COLUMBUS – Planned Parenthood has sued to block an Ohio law banning the use of telemedicine for medication abortions as unconstitutional, adding to a lengthening list of attempted restrictions on the procedure that are now tied up in court.
With the law set to take effect April 12, the organization asked for immediate relief from the Hamilton County Common Pleas Court in a lawsuit filed April 1 against the Ohio Department of Health, the state Medical Board and prosecutors in the state’s three largest counties.
The lawsuit marks the latest in a string of court challenges to additional abortion restrictions attempted by the Republicans who lead both chambers of the state Legislature.
Courts have blocked bans on dilation and evacuation, or D&E abortions; on abortions in cases where a fetal Down syndrome diagnosis is a factor; and on all abortions after detection of the first fetal heartbeat, which can occur as early as six weeks into pregnancy before many women know they are pregnant.
A group of clinics and the ACLU of Ohio asked a judge March 9 to block a law that would require that fetal remains from surgical abortions be cremated or buried, arguing a lack of rules makes complying “impossible.”
Republican Gov. Mike DeWine signed the telemedicine abortion ban in January. It would prohibit administration of mifepristone to medically induce an abortion via a telehealth appointment. Doctors who violated the law would face a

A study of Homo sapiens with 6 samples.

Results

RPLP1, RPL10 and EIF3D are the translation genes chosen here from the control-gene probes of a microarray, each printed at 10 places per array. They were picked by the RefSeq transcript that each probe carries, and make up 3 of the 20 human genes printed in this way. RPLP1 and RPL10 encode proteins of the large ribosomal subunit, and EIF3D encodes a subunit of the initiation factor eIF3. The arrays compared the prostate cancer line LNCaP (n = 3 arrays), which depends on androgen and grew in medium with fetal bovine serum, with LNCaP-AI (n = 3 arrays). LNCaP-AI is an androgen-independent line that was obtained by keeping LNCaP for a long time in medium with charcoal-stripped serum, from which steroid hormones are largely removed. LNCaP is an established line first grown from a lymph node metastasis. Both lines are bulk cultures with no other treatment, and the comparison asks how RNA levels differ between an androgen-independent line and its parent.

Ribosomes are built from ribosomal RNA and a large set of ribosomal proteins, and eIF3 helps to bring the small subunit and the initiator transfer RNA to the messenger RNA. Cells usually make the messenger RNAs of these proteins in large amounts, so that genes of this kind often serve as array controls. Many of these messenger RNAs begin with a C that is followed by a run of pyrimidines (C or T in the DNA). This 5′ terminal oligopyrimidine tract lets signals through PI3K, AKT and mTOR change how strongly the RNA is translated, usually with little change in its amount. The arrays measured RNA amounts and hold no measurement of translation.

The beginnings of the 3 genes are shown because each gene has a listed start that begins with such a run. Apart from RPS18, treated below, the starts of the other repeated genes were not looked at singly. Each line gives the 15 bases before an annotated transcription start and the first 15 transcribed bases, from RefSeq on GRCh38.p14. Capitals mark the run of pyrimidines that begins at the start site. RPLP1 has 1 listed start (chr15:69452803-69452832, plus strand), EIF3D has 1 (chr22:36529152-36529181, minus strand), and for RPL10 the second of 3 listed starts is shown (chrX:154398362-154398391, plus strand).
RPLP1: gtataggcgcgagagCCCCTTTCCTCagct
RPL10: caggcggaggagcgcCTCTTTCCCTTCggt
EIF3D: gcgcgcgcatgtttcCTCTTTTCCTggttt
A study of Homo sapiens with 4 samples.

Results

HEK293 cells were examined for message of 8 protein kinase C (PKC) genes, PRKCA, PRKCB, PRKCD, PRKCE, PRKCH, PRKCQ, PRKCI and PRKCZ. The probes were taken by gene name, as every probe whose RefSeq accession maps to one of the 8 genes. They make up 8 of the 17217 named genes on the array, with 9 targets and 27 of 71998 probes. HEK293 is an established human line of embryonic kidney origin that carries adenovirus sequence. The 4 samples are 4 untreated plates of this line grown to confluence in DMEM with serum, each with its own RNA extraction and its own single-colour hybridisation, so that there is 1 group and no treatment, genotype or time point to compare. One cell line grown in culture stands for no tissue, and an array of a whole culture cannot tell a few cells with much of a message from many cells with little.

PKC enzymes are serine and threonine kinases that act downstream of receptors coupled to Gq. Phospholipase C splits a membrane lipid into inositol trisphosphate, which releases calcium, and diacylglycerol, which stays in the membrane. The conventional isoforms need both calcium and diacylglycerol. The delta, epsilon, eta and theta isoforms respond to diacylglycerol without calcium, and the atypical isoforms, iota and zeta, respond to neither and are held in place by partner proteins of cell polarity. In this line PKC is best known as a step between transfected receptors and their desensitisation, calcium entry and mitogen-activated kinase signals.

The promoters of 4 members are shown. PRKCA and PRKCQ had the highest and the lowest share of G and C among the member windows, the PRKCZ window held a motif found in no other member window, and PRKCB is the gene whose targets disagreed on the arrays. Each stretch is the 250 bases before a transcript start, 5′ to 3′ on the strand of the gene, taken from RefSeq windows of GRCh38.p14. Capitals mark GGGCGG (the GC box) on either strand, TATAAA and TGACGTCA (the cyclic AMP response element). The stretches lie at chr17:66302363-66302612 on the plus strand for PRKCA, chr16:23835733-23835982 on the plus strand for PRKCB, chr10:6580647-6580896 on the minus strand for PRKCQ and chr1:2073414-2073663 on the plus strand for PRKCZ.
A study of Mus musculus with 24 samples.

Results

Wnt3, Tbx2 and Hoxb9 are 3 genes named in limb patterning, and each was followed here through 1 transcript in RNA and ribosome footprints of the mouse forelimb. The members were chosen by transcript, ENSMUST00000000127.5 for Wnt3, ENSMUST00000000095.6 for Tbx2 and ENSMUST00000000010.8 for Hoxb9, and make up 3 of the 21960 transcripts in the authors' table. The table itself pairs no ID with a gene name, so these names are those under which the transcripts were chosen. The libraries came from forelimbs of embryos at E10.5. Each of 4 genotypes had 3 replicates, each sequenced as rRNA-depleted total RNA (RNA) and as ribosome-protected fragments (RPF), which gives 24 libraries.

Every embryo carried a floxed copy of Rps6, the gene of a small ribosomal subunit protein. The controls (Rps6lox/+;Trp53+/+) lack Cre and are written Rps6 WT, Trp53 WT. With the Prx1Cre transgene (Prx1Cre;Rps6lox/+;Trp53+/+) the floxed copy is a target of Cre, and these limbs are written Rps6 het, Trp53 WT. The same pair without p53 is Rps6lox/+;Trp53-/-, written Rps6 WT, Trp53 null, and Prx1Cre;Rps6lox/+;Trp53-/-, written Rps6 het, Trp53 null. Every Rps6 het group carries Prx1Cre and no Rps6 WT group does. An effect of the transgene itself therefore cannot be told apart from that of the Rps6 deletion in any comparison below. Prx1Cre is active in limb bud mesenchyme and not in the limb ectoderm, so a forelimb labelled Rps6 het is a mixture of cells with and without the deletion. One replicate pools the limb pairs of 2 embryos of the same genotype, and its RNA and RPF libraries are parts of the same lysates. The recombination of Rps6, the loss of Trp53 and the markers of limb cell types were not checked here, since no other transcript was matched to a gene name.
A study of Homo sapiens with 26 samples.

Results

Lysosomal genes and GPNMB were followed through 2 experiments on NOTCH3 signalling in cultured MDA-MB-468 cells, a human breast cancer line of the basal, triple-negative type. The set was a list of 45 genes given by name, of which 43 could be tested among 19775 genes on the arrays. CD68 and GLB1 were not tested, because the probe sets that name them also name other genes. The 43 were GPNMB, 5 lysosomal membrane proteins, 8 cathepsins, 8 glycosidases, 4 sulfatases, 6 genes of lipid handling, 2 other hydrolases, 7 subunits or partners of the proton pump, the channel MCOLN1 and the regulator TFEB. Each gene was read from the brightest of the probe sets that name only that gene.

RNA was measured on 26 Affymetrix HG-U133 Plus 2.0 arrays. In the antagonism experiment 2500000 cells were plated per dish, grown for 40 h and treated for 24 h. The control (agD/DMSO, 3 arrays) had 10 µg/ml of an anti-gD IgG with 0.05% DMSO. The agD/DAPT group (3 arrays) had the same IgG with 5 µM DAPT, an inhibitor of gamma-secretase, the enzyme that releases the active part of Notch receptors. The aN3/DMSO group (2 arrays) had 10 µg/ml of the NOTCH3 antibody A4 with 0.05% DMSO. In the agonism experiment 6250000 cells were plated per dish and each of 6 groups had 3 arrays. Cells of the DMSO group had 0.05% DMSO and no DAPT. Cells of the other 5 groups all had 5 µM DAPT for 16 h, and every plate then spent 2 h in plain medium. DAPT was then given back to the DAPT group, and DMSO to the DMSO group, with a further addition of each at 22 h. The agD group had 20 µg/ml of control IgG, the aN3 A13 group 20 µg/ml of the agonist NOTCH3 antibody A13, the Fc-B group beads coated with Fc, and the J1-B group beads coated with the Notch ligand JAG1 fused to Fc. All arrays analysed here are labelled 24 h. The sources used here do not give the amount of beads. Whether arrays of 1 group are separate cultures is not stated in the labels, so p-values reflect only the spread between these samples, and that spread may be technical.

fourth-degree felony charge on the first offense and a third-degree felony charge for subsequent violations.
Iris Harvey, president and CEO of Planned Parenthood of Greater Ohio, said medication abortion is safe and effective and should be available remotely to Ohio women.
“Ohio is one of the most medically underserved states in the country, a problem particularly felt by Black communities, people of color, as well as the LGBTQ+ community in our state,” Harvey said in a statement. “Telemedicine is a key tool to address those disparities. When the Ohio Legislature and Governor DeWine enacted this unjust law, their intentions were clear – telemedicine is great, unless it is used in health care they don’t agree with.”
The use of telemedicine rose steeply when the COVID-19 pandemic hit. According to the Centers for Disease Control and Prevention, telehealth visits increased 154% during the last week of March 2020, compared with the same period in 2019.
Supporters of the law argued that it is important for a doctor to be physically present when women take mifepristone for a chemical abortion to assure safety and to answer questions.
Opponents contended that women seeking abortions are already required to visit a clinic for counseling and for an ultrasound a day ahead of the procedure under current Ohio law. They said taking the abortion medication from home on the second day, while connected online with the a clinician, is safe and permitted by the U.S. Food and Drug Administration.